Consumers have a nasty habit of throwing out their electronics as soon as newer, shinier models become available, and they rarely ever do so properly. Nearly 42 million tons of e-waste — everything from microwaves and electric shavers to washing machines, laptops, cellphones, TVs and computer monitors — entered the global garbage stream in 2014, according to a United Nations University report.
Like all trash, this stuff doesn’t just disappear. Instead, it stacks up in landfills. Unlike most trash, however, e-waste is often packed with valuable components — as well as toxic chemicals and materials that can cause real damage wherever they end up.
Ghana offers us a glimpse at some of the economic and environmental consequences of e-waste. In the West African nation’s capital of Accra, particularly the slum known as Agbogbloshie, large landfills are strewn with decades’ worth of discarded electronics. It’s one of the most concentrated e-waste sites in the world.
Enterprising locals have created a booming second-hand market around the (questionably legal) influx of old printers, TVs, computers and whatnot. Upon landing on Ghana’s shores, these devices enter into a vibrant network of repairmen, resellers and middlemen who pass them on to locals, who otherwise wouldn’t have been able to afford such products.
Whatever is not salvageable for resale becomes part of an urban mining process, picked apart by hand for the valuable materials that can be recovered from the devices’ carcasses. That same United Nations University report (.pdf) says 2014’s e-waste contained about 16,500 kilotons of iron, 1,900 kilotons of copper and 300 tons of gold, along with silver, palladium and other precious metals worth an estimated $52 billion.
Unfortunately, not all of that waste gets properly processed or recycled, and many harmful substances get unleashed — lead, mercury, cadmium, chromium and chlorofluorocarbons, to name a few. Those who work to extract the valuable constituents, many of them children, get exposed to the harmful materials. Those not directly handling the hazardous e-waste still get exposed to it, most obviously by the common practice of burning things like wires and circuitboards to extract copper.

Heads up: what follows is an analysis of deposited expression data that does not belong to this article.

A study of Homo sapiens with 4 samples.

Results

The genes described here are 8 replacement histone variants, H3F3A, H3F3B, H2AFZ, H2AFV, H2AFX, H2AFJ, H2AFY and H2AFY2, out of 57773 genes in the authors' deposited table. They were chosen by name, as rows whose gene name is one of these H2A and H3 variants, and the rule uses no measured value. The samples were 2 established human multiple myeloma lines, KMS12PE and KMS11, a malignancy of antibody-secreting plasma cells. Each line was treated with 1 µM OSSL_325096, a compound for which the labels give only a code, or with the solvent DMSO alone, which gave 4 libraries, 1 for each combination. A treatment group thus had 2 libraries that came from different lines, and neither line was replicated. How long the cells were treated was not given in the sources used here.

Without proper protection and processing methods, the marginal economic benefit of reselling precious metals or refurbished electronics comes with a major risk of contamination. There is serious concern about the lead levels that might be accumulating in residents’ blood, along with traces of iron and antimony from contaminated fish. High levels of PCBs have been detected in the breast milk of area women, while dangerous levels of aluminum, copper, iron, lead and zinc have been measured in the air and soil.
Agbogbloshie illustrates the importance of properly disposing of old electronics, whether to keep them working or to process their most hazardous components. Keeping gadgets working and in circulation, rather than tossing them, stops their toxic elements from seeping into the environment — and also creates opportunities for people to make use of them who might not have access to them otherwise.
You can be part of the solution
E-waste is a global problem, but the solution starts locally. Keeping our electronic detritus circulating within our borders keeps it from polluting others’ shores, helping to ensure a better environment for us all.
That’s one of the aims of Cult of Mac’s buyback program: By partnering with electronics recycling company MyPhones Unlimited, we’re making it easy (and lucrative) for you to send your old electronics to a service that will refurbish and return the gadgets to the market or properly dispose of them if that’s not possible.
Find out just how much money your old gear, whether working or not, can be worth. Cult of Mac’s buyback program will pay top dollar — and keep your throwaways out of landfills.